For one reason or another, there's been a whole lot of streamlining taking place in game design today. I hear that there are now RPGs being released without towns. Towns! What's next? Sports games without points? Shooters without invisible health bars? Action games without double jumps? As it turns out, our good friends at Nitrome are no designer-come-latelies, as they've decided to eschew just about everything in the RPG formula except pulse-pounding combat, our favorite weapons with elemental properties, and a single item shop. How's that for streamlining? Welcome to Blast RPG, Nitrome's latest fusion of action and role-playing excitement.
The steadfast knight in this game has decided that all that romping through dank dungeons and random-encounter-laden forests is overrated; instead, he launches himself out of a cannon through waves of enemies to see how far he can get. Certainly a creative, if not unorthodox solution. Click your mouse to fire the cannon at the get-go, accounting for angle and power, and then hold the left mouse button down in a direction to give the airborne knight a general idea of where he should aim for.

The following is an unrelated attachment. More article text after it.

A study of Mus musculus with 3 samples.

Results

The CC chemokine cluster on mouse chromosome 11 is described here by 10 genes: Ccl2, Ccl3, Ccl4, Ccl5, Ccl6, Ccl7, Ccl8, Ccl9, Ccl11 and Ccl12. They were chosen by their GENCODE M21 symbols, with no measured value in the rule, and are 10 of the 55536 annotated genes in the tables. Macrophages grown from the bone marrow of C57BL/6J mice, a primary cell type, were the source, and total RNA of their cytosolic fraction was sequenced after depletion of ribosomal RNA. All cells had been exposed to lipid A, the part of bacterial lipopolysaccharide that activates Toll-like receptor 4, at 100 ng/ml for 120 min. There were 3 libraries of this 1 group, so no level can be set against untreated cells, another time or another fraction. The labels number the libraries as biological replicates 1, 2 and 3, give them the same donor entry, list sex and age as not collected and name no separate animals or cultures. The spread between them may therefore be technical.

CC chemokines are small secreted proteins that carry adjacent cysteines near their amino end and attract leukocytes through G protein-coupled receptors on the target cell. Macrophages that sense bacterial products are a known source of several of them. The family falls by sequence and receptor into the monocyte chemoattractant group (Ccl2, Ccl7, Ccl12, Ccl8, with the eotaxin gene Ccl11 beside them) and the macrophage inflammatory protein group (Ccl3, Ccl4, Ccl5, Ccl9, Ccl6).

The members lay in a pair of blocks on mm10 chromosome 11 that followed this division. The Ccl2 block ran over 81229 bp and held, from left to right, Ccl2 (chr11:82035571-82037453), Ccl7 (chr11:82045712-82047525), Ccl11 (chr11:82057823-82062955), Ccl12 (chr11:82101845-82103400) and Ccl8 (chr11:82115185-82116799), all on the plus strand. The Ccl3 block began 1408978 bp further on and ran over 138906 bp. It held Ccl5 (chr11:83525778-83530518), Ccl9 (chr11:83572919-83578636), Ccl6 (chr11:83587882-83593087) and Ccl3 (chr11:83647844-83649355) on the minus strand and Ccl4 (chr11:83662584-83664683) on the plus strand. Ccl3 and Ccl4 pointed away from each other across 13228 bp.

Levels are cleared by specific distance milestones that must be met, which is where all that combat comes into play. Trouncing enemies that your fighter meets on the fly will give him an extra boost into the air, but be warned: some foes are of distinct elemental persuasions. You can "equip" different weapons by clicking them on the bottom selector, so you can always be prepared. That space is also where you can activate a trove of items, ranging from mighty spells to temporary stat increases and other trinkets a warrior flying at 90 miles per hour might find useful.
The game's a fantastic distraction for a little while, not to mention a unique twist on the "launch" genre, but the action begins to diminish in longer sessions of play. Aside from new monsters and changing backgrounds, the gameplay doesn't evolve through the levels, and despite the knight's best efforts to rocket over all those random-encounter-infested areas, the fact still remains that the appearance of monsters on screen is fairly random, and can end a glorious run with a single dry stretch. Still, there's some old-fashioned RPG fun to be had in leveling up your gladiator, and seeing just how far you can get the little guy to go. If you enjoy the game's streamlined simplicity, you'll find this RPG to be a blast.